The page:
I was recently skimming through my Facebook newsfeed when I happened upon a debate between two friends. The pair were arguing over gun control, and I couldn't resist giving it a read. My friends were at opposite ends of the spectrum, with one being the proud conservative and the other a devout liberal on the matter.
As they argued back and forth through the string of comments, I couldn't help but notice one thing: they were both so misguided and uninformed. It was when the gun rights advocate said, "Why is it called an assault rifle? A rifle can't assault anyone," that I realized the argument was becoming ridiculous. He thought his argument as cunning and clever, but the reality is it's cliche and pointless. If the gun control debate in America has been diminished to arguing over the semantics of the term "assault rifle," we are all in a lot of trouble.
There's no doubt there is a gun violence epidemic in the United States, but the issue is being tackled from the entirely wrong direction. America is a nation built on firearm ownership, and anyone who thinks that is going to change any time soon needs to return to reality. Each time we have a major shooting incident, the cries for the elimination of guns becomes louder and louder, but that is just never going to happen. We, as a nation, desperately need a new approach.
I have a lemon tree in my back yard. As the lemons bloom, the fruit attracts hornets, and I am constantly plucking the lemons to rid myself of the pests. Just as fast as I pick the lemons, however, new ones arrive in their place. Rather than picking the lemons, I have to remove the tree if I want to eliminate the hornets. As far as gun violence is concerned, we need to stop looking at the guns and start looking for the root causes - we need to eliminate the tree.
Gun violence can be broken down into two main groups: the result of criminal activity and the result of mental disorder. Gun violence related to criminal activity is that which is the result of drug or gang activity, robberies, home invasions, and so on. Gun violence related to mental disorders are those incidents which leave us scratching our heads and all wondering why this had to happen - the incidents which just don't seem to make sense.
The gun violence incidents related to mental instability are the incidents that gain the most media attention - mass, rampage-style shootings such as those in Newtown, CT or Aurora, CO. These types of incidents nearly always point back to a very deeply disturbed shooter, and leave people screaming "Why didn't anyone do anything to stop this?"
America needs to wake up and take a fresh look at the way we approach those with potentially violent mental illness. Digging our heads in the sand and pretending it isn't there just isn't working. The problem is there, and it isn't going away; it's getting worse. Organizations such as the National Alliance for Mental Illness (NAMI) struggle to implement programs to get deeply troubled people the help they need, but the funding isn't available. It's cheaper for America to medicate the mentally ill and look the other way, but prepare to pay the piper.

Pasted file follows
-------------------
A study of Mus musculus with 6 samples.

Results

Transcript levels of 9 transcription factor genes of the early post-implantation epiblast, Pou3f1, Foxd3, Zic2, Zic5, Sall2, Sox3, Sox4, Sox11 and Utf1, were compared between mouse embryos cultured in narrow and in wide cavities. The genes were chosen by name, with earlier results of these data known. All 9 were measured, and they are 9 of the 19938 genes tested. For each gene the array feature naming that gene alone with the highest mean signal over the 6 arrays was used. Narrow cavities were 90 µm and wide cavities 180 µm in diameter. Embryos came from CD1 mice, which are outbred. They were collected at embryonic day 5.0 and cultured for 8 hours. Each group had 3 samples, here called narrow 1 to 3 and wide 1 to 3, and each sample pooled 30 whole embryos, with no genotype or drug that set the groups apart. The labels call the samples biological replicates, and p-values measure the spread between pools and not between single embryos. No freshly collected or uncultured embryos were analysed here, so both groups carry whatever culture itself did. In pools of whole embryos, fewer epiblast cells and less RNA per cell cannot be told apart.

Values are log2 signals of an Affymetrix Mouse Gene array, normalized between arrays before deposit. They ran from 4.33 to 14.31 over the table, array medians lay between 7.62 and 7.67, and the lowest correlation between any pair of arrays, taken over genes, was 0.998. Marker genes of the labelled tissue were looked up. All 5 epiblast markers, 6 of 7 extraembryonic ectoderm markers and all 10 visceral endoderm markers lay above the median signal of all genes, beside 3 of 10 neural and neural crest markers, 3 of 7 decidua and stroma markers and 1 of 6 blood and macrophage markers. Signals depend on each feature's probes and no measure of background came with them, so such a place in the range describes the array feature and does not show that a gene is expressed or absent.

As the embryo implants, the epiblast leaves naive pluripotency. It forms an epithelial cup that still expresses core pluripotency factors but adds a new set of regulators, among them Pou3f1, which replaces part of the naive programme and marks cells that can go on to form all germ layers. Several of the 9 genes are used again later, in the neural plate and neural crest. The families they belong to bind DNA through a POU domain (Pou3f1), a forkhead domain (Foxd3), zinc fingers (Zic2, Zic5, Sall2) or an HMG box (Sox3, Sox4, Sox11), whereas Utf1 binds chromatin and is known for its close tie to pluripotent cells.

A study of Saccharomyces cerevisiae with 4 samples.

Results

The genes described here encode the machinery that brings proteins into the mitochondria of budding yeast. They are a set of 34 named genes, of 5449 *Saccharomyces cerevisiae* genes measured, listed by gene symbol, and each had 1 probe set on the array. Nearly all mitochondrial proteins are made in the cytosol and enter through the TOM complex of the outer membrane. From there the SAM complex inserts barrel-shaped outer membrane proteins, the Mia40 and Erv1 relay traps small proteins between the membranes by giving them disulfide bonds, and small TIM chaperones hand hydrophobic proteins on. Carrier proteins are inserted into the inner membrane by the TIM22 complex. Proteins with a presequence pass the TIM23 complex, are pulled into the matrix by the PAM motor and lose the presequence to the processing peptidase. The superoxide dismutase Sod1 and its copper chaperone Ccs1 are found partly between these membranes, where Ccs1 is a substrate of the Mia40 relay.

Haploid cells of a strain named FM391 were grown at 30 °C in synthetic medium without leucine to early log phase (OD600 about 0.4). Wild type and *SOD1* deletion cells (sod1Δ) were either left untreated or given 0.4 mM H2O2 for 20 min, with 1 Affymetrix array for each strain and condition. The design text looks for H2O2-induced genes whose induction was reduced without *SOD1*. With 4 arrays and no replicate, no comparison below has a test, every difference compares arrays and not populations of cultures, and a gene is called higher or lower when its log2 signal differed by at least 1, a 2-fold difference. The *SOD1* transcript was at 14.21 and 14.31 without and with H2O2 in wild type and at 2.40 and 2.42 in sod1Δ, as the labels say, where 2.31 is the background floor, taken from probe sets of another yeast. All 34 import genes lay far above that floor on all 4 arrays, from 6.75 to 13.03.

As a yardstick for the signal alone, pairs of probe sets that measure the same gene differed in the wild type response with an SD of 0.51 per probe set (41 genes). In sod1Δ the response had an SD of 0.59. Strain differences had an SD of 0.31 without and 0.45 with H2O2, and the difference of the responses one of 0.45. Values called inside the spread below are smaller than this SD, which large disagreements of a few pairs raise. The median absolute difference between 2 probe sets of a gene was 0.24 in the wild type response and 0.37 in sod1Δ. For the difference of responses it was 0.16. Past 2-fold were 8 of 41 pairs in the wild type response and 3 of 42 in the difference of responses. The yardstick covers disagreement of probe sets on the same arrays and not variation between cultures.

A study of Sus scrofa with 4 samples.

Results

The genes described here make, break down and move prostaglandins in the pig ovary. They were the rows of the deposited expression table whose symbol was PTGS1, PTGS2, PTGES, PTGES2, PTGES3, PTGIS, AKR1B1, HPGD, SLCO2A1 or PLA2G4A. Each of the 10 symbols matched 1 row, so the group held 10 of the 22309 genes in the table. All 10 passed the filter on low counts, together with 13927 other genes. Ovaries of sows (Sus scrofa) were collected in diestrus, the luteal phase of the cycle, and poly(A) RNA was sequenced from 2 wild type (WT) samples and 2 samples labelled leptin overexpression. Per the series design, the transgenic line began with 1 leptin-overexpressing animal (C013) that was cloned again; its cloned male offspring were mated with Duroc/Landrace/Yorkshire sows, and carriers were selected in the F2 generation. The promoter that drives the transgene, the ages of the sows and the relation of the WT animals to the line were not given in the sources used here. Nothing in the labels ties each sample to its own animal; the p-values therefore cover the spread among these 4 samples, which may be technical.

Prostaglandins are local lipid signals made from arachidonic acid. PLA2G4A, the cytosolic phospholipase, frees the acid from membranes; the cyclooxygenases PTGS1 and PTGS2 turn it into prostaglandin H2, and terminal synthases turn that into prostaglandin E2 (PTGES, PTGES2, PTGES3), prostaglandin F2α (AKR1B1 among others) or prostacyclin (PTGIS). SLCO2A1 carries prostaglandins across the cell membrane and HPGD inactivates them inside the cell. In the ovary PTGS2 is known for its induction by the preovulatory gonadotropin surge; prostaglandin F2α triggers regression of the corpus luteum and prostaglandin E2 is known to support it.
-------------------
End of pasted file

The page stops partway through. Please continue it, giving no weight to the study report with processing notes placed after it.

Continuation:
Gun violence resulting from criminal activity is far more common and is the result of our revolving-door justice system. Violent criminals are arrested, prosecuted, and are back out on the streets to commit more crime at a lightning fast pace.
So where is the root of this problem? Most likely within your local District Attorney or State Attorney's office.
Your local state prosecutor is an elected position, and we've all seen the ads during campaign season where the incumbent candidate lauds his 99.8 percent conviction rate. The in-office state prosecutor needs to keep his conviction rate up high so as to ensure another victory at the next election. After all, are you going to vote for the candidate who only had a 28 percent conviction rate?
One needs to ask how a state prosecutor maintains such a high conviction rate, and the answer is through plea deals. If a defendant pleads guilty to a crime, it's considered a win for the state prosecutor's office. The reward to a defendant for pleading guilty is very often a reduced charge and, almost always, far less actual jail time. A criminal arrested for armed robbery with a firearm may plead guilty to aggravated assault, and he'll quickly be back on the streets to commit crime again.
I believe the remedy to this situation is quite simple. Let's start urging our leaders to enact legislation requiring candidates for state prosecutor positions to make full disclosures. If a candidate wants to rely on his conviction rate, he should also be required to announce his percentage of plea deals. The 99.8 percent conviction rate doesn't sound so stunning when it's followed by an 89 percent, reduced charge, plea deal disclosure.
When it comes to gun control and gun-related violence, I certainly admit I don't have the answers. I can say, however, that I do know we are looking for them in the wrong places. Just like the lemon tree in my backyard, let's stop focusing on plucking guns off the street, and let's start going after the actual root of the problem.
We need to start focusing on addressing mental health concerns before they erupt in violence. We need to focus on getting violent criminals off the street the first time, and not waiting until a criminal's fifteenth conviction before we start taking it seriously. We need to hold our state prosecutors and the judicial system far more accountable for their role in our society. And whatever we do, we need to stop splitting hairs over the semantics of the term "assault rifle", because that's just getting us nowhere.